Strung out

Ben Lerman and his ukulele make one funny gay pair.


WRITING’S ON THE WALL Lerman contemplates queer culture. Photograph: Michael Weintrob

Queer New Yorkers are no strangers to gay comics poking fun at them. But musical gay comics accompanying themselves on the ukulele? Enter Ben Lerman, 33, best known as the keyboardist for the Isotoners, the homo pop band that fired off songs about gay divorces and "man boobs" until breaking up in 2005. He's since released a couple of videos on YouTube (including one for "Anderson," a love song of sorts to Anderson Cooper, sung to the tune of Elvis Costello's "Alison"), sharpened his ukulele skills and written some new material, including ditties like "Fag Hag" and "The Big Gay Paradise Valley." You'll find those on his just-released CD, Ukelear Winter, which Lerman (who has written for this magazine) will showcase on a multicity tour that starts this week at Sidewalk Caf. We recently caught up with him for some laughs.

Why the ukulele?
Because keyboards are heavy, and lugging them around town for five-minute spots at showcases or open mikes seemed retarded.

Who is there to inspire you besides Tiny Tim?
You know, I've never been able to watch Tiny Tim. That's the kind of thing that makes me uncomfortable. I feel like, Am I laughing at him? It's disturbing. But I recently played at a New York ukulele night, filled with ukulele players! Stephin Merritt [of the Magnetic Fields] was the only person I knew of who was playing it. And the Hazzards. But I don't know, it's kind of thought of as hokey.

What part of the infinitely mockable gay culture do you live in?
I could pretty much survive on The Golden Girls. And I have ridiculous body issues. I'm totally one of those gays. I'm like the Weight Watchers gay.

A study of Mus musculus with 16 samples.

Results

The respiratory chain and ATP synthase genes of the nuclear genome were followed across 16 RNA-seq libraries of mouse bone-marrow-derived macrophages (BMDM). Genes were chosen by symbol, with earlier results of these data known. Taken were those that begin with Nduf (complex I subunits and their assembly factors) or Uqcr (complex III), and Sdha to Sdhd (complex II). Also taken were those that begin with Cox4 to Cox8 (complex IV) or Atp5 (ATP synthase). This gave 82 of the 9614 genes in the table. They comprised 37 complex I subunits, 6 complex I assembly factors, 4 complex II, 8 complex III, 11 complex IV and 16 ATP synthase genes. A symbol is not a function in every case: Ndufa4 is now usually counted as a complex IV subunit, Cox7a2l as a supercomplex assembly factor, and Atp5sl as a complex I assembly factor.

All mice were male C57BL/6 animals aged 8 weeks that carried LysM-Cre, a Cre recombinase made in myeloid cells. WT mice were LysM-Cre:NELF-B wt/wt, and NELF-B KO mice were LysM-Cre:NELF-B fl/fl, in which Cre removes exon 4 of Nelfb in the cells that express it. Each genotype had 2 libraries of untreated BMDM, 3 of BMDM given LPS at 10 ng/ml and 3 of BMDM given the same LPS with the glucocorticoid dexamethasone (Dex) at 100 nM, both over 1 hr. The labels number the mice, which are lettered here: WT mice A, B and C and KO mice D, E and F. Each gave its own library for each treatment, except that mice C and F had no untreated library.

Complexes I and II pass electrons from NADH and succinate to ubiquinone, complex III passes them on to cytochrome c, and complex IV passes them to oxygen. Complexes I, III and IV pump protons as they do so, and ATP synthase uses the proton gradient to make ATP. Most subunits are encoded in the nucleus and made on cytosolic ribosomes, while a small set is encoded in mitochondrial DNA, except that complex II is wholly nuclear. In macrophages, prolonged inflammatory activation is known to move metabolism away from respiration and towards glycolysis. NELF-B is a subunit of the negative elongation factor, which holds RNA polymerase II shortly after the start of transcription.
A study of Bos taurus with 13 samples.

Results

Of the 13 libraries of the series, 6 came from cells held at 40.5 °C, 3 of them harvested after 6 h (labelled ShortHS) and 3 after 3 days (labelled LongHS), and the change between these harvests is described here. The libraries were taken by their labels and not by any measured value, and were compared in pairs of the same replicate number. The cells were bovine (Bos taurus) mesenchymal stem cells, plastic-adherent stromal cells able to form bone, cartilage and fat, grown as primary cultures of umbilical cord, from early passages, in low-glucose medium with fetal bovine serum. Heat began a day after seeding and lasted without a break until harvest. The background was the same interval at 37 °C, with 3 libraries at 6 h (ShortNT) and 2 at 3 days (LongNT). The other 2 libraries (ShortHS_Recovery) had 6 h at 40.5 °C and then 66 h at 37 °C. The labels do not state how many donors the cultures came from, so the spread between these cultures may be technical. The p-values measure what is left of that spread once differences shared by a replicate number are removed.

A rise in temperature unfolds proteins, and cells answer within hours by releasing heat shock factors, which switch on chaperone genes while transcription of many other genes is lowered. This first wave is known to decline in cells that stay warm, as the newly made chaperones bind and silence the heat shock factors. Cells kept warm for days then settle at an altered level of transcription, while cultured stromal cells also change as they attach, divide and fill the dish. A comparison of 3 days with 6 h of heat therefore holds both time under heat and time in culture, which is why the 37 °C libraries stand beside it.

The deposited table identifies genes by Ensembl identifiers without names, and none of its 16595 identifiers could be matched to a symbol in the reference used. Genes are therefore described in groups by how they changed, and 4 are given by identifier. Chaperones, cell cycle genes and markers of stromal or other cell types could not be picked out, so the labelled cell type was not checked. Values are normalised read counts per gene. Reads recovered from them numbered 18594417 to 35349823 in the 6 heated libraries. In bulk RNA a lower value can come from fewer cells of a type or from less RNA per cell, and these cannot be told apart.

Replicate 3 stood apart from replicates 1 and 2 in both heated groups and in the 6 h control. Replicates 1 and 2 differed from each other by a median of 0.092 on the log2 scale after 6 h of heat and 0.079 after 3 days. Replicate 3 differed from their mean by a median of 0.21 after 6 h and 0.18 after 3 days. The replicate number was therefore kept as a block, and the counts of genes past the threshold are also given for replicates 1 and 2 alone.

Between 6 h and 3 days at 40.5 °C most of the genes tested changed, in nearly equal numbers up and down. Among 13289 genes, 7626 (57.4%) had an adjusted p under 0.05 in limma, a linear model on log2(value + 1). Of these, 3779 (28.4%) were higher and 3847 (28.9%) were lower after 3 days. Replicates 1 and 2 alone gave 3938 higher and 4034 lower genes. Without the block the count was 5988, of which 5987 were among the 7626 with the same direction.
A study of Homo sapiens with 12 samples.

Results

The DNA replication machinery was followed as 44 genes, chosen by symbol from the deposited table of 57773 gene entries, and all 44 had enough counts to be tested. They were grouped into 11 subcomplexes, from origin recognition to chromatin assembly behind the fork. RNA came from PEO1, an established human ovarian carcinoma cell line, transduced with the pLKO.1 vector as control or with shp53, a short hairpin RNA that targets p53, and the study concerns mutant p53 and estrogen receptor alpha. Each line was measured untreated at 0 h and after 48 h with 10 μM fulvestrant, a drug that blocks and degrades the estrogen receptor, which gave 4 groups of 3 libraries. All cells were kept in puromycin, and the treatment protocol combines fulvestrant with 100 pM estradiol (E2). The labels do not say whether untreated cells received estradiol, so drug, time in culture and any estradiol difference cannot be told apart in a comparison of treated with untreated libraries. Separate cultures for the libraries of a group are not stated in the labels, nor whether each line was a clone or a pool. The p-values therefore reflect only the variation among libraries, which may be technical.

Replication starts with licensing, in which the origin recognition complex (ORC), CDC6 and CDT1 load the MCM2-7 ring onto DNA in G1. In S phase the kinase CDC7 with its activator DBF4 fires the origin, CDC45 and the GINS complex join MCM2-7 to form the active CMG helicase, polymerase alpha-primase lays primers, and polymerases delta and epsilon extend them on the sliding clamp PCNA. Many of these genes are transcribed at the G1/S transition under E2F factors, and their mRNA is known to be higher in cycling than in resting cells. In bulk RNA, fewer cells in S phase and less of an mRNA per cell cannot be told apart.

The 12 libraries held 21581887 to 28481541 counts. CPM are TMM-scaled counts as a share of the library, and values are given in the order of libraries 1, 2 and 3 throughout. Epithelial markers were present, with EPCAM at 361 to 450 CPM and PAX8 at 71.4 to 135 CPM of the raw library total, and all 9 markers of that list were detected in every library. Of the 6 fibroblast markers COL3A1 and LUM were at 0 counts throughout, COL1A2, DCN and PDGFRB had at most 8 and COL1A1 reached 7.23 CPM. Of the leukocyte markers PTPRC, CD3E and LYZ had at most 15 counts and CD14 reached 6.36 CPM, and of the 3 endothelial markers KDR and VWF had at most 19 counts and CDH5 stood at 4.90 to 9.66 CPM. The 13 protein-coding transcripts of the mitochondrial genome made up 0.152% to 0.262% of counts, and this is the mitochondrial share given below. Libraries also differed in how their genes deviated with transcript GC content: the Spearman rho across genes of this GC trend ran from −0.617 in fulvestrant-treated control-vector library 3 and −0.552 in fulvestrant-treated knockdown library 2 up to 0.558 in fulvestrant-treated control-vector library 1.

Are you also furry?
Yes.

Though you're "Not a Cub," according to one of your songs.
I have mixed feelings about the bears. I feel like gay culture can be really alienating if you don't fall into that Queer as Folk--hot look. So it's good because there's this other scene where something else is prized as beautiful. But there's also something really weird about people self-segregating based on their weight and body hair. [Laughs] It's, like, so image-[conscious] that it makes me a little bit uncomfortable and sad.

What's your day job?
I'm not working right now, though I do a little work for my family's business. They own a steel company. It's like the B&H Photo of South Bend, Indiana. Orthodox Jews. But [when I was growing up] it was do-what-you-can. We would keep kosher in the house, but we would also go to restaurants. And we would go to shul on Saturday, but I would also play in Little League and we would drive to the games. My dad's older brother is a rabbi in Brooklyn. He would be mortified.

When did you come out?
At 17. It was when they found the gay porn. My friends and I, after prom, decided we were going to a Grateful Dead show so we could get high. Three hours into a six-hour drive it occurred to me that I left Bus Depot in the VCR. I pulled into a rest stop and I called my mom to do some damage control. I was like, "There are these kids at school who say that I'm gay and they planted gay porn in my car and I didn't know what it was and I put it in the VCR and I was disgusted and horrified and I turned it off immediately and totally forgot about it." And my mom said, "Uh-huh."

Ben Lerman plays at the Sidewalk Caf on Fri 16. For more information, go to benlerman.net.